After the death of her father, a young Spanish woman discovers a partial letter. As she searches for the answers, she embarks on a journey that takes her back to Africa, where she unfolds the secrets of her family.
Sira Quiroga is a young Spanish dressmaker engaged to a solid suitor when a suave typewriter salesman upends her life. Spain is being upended by a civil war and the new regime's growing ... See full summary »
Mari Carmen Sánchez
In bustling downtown Madrid, a loud gunshot and two mysterious deaths trap a motley assortment of common urbanites in a decrepit central bar, while paranoia and suspicion force the terrified regulars to turn on each other.
Killian is a young man who has never left the remote mountains of Huesca (Spain) which saw him grow up. In 1953, he travels back to the exotic Equatorial African island of Fernando Poo, in Spanish Guinee, where he was born, to work in a cacao plantation alongside his father and his brother. During 20 years in this island, until the troubled days of independence, he will undertake a journey towards maturity and knowledge, but will also have to deal with pain and loss.
Mario Casas and Berta Vazquez were a couple in real life. See more »
During the dance club scene, set in 1953/4, the guitarist is playing a custom colour Fender Stratocaster. The Fender Stratocaster was introduced in the USA in 1954, and custom colours weren't available until 1956/7.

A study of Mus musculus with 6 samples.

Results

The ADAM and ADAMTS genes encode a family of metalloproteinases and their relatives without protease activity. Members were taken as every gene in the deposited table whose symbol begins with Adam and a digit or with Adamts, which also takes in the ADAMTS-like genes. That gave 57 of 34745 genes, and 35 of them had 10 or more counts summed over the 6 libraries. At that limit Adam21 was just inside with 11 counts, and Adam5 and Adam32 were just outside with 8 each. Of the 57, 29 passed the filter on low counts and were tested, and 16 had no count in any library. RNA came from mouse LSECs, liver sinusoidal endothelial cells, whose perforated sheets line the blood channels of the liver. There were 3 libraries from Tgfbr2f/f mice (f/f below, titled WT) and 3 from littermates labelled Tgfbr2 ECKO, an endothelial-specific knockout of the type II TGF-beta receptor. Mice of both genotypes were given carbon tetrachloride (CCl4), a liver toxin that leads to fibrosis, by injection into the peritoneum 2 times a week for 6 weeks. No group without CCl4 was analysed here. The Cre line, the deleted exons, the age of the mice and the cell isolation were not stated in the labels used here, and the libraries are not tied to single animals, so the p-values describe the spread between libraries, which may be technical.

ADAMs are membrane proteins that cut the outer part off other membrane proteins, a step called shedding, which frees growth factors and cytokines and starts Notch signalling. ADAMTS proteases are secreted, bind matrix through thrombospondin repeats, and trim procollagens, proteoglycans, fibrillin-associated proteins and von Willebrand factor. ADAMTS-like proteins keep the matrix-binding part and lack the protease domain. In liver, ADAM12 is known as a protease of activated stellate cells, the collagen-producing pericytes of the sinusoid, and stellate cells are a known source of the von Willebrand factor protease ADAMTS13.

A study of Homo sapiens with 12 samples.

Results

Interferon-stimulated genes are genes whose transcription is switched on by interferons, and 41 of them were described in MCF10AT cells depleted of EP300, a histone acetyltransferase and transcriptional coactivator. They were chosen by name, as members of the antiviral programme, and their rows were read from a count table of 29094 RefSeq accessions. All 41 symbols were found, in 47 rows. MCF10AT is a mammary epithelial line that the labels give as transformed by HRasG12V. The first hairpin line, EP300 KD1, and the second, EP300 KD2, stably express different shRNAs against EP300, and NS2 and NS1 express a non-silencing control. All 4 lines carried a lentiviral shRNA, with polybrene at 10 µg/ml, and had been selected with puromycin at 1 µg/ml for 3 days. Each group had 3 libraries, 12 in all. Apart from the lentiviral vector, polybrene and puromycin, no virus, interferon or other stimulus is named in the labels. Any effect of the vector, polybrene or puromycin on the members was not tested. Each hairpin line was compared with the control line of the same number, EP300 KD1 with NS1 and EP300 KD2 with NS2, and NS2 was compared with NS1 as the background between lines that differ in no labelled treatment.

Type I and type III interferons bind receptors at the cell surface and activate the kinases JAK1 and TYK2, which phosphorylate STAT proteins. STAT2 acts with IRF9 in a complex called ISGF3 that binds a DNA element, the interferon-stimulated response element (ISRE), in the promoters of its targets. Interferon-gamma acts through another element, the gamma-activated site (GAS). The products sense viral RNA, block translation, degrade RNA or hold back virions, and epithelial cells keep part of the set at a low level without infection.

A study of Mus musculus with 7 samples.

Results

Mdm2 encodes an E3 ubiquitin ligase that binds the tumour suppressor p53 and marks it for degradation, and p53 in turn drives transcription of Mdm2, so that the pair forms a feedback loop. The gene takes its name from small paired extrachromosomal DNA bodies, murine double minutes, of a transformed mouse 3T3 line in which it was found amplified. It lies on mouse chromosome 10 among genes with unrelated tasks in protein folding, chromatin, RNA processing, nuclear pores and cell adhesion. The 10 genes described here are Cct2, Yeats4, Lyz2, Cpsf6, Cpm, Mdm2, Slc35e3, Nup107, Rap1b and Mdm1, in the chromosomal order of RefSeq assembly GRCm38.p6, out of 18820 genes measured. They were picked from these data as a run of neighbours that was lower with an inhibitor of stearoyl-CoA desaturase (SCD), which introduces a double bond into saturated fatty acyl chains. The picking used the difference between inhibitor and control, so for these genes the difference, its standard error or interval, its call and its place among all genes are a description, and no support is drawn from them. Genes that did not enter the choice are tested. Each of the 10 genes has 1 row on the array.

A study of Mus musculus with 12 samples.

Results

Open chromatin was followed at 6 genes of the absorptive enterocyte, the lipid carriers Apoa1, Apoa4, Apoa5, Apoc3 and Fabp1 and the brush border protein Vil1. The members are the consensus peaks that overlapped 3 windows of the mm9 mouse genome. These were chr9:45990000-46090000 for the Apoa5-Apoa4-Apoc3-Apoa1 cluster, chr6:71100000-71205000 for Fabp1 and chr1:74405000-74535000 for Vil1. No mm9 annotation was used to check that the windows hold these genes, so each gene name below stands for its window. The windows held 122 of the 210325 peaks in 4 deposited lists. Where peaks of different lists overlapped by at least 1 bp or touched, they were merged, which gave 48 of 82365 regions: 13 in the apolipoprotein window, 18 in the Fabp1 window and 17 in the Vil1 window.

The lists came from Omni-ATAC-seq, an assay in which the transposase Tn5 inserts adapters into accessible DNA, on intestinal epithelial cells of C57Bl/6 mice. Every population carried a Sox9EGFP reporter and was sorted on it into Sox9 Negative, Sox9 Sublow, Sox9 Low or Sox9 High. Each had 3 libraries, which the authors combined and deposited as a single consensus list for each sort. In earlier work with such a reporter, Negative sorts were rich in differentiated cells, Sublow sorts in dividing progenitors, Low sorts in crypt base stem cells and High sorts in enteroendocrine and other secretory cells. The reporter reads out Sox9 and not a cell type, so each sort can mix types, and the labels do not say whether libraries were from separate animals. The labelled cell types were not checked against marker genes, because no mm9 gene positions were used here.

Also, it if very doubtful any African musician could afford such an instrument. The first Stratocaster didn't reach the UK until 1958. See more »
Cringeworthy from beginning to end. Overly sexualized black bodies. The movie is all about the seductive, primal power the black women's bodies had over the white men. The black roles barely had any depth or character development. The black women are depicted as facile and oversexed. The black men are overly docile, stupidly superstitious, crazy-eyed angry and savagely violent.
Colonialism (which is essentially theft) is presented as a family business, not the systematic destruction of a country and its people. No one apologizes for it or reflects on it. The white characters are presented as fellow victims of circumstances, not willing participants in evil.
The narrative: Killian abandoned the civilized world to save her; the lighter-skinned (clearly mixed-race), and relatively chaste savage. Their love could only exist in a lawless, uncivilized underworld created by the bloodthirsty slave rebels. A tragic, cautionary tale. This is the same reinforced culturally separatist narrative routinely found in Spanish (and Portuguese) movies.
It's sad that these ill-considered movies are still being released in 2015. Thanks to the ongoing civil rights movement here in the U.S., modern filmmakers can't get away with this reckless narrative anymore.
Cinematography was beautiful, though.